Apricus Advancing RayVa to Phase 2b Trial for Raynaud’s Treatment

Apricus Advancing RayVa to Phase 2b Trial for Raynaud’s Treatment

The clinical effects, safety and tolerability of RayVa were already evaluated in a double-blind, randomized, placebo-controlled Phase 2a clinical trial (NCT02228850) in 35 patients with active Raynaud’s phenomenon caused by scleroderma. The study evaluated three different doses of RayVa (300 micrograms, 1,000 mcg, and 3,000 mcg) on hemodynamics, skin temperature at the area of application (according to the measurement of Laser Doppler), and symptomatic response to a standardized cold challenge, compared to a placebo.

Top-line results reported in September 2015 indicated that the ointment was safe and effective. Patients tolerated treatment with RayVa and reported a noticeable change in the way their skin temperature responded to a cold challenge. The cold simulation challenge is a test used to help diagnose Raynaud’s by measuring how quickly the skin returns to a normal temperature after being subjected to a cold shock (like immersion in cold water).

Currently, Apricus is finalizing the new Phase 2b clinical trial protocol, and is looking for global or regional partnerships before the trial begins.

Raynaud’s phenomenon manifests as pain, loss of function in the hands, and ulcerations in the fingertips, due to the significant reduction in capillary blood flow to the fingers secondary to blood vessel hardening.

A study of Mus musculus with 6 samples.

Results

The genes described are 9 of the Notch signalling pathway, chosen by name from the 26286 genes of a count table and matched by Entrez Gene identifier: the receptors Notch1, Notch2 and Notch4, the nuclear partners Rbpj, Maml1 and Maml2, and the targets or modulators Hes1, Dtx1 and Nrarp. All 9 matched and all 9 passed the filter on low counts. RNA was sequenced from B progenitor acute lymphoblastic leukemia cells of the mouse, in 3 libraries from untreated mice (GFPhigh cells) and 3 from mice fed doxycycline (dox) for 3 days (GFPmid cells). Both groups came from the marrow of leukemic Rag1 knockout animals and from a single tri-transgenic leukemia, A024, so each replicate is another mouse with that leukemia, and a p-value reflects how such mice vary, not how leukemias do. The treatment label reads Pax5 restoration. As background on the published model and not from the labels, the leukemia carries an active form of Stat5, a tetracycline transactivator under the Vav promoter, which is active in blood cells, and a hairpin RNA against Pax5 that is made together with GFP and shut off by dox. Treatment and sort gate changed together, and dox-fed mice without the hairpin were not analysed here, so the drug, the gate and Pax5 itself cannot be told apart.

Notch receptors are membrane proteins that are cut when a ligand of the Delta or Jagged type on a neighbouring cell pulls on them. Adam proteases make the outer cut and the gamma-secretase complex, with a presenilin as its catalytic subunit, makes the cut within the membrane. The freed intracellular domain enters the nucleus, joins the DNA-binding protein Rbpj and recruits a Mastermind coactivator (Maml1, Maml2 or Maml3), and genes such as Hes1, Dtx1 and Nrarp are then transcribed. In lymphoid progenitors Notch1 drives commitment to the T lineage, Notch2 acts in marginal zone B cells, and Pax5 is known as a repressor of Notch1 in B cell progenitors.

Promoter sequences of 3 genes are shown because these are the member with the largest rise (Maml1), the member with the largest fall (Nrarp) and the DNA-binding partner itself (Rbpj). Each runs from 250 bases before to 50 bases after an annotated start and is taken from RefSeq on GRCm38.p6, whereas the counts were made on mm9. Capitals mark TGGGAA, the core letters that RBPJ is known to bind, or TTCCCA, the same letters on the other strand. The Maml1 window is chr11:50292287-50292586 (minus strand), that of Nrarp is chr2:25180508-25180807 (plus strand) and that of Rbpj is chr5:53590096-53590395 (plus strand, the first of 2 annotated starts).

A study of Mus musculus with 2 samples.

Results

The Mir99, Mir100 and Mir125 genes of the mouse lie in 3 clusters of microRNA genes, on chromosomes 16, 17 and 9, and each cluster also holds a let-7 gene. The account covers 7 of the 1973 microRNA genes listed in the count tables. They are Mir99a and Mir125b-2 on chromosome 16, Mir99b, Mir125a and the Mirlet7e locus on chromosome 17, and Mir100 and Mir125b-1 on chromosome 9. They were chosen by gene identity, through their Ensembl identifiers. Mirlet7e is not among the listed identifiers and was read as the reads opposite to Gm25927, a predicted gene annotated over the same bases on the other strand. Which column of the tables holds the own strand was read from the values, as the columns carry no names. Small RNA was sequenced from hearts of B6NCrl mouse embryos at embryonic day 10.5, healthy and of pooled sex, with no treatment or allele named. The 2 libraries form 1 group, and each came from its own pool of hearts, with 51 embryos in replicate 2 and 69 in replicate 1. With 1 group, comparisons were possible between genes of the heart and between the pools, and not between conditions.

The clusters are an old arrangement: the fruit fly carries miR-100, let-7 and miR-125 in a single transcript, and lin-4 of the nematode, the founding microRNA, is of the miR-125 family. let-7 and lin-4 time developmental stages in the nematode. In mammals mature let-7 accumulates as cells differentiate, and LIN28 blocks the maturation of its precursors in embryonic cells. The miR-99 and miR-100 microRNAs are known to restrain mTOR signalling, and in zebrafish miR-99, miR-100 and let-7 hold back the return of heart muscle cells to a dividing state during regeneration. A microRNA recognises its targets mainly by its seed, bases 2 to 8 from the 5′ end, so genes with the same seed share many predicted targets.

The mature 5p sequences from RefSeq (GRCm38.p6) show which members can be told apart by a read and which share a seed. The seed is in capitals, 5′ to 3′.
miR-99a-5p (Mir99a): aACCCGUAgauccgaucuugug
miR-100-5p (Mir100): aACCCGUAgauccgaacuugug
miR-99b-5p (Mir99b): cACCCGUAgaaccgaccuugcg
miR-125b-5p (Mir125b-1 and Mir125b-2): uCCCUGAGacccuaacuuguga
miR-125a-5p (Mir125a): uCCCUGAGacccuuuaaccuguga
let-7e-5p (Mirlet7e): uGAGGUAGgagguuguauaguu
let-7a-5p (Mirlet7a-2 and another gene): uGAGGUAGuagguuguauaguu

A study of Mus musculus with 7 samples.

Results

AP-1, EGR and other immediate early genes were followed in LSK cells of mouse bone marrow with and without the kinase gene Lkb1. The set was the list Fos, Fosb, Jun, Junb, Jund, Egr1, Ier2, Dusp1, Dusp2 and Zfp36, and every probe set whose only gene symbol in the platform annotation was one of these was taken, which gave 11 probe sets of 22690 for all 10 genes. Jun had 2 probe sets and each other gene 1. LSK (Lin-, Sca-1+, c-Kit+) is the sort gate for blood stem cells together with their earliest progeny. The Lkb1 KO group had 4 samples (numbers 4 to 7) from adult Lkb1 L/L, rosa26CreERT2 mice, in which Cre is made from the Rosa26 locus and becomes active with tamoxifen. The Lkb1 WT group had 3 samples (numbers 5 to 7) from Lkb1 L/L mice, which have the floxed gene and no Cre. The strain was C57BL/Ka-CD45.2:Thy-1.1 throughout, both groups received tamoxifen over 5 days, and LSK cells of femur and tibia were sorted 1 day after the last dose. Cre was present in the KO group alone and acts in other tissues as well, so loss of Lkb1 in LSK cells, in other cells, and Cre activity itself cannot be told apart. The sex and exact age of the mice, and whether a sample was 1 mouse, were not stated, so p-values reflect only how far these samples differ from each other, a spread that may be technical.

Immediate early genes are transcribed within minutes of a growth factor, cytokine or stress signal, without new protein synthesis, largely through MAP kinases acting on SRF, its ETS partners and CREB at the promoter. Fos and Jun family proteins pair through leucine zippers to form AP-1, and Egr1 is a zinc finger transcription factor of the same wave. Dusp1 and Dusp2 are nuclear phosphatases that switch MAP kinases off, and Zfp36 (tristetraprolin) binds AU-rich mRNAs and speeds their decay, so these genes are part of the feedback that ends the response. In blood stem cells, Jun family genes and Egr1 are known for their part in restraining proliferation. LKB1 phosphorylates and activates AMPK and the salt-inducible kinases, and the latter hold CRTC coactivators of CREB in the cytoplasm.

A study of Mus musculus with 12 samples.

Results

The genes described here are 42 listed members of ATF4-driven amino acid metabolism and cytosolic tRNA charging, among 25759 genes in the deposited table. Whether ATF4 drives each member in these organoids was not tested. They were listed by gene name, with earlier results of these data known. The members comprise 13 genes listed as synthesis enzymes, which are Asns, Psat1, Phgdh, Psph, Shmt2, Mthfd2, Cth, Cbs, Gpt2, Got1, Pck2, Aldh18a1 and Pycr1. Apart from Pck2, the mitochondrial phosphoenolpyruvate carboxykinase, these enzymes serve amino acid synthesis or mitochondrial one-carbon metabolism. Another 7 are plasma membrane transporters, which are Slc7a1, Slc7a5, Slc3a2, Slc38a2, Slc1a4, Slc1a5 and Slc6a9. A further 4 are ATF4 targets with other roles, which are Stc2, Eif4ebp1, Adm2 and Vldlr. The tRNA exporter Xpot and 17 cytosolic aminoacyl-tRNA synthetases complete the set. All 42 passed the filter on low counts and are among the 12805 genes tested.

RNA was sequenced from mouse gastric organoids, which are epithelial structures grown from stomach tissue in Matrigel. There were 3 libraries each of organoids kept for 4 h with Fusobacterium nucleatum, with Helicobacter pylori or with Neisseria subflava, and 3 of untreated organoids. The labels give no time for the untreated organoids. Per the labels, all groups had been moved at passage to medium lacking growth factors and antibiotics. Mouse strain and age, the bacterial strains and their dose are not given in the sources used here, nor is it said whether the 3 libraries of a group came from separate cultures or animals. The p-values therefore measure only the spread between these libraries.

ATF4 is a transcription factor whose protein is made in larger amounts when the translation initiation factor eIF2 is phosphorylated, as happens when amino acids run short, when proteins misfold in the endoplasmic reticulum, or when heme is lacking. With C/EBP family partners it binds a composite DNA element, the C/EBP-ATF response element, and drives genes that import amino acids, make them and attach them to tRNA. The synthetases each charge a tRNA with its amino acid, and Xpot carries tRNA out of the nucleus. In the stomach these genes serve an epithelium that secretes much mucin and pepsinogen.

RayVa is a topical, combined formulation of alprostadil, a potent vasodilator, with the Apricus’s patented permeation enhancer, DDAIP.HCl, which allows local delivery of the vasodilator to the site of action. This on-demand ointment has shown the ability to increase blood flow locally, and can potentially reduce symptoms of Raynaud’s secondary to systemic sclerosis, and subsequent digital injuries.

The U.S. Patent and Trademark Office (USPTO) has issued a Notice of Allowance for U.S. Patent Application to RayVa in October 2014 for the treatment of Raynaud’s phenomenon, including the treatment of the condition secondary to systemic sclerosis.

Given the lack of approved treatments for secondary Raynaud’s phenomenon and its unmet medical need, the U.S. Food and Drug Administration (FDA) cleared RayVa as an Investigational New Drug (IND), which allowed Apricus to start their clinical trials.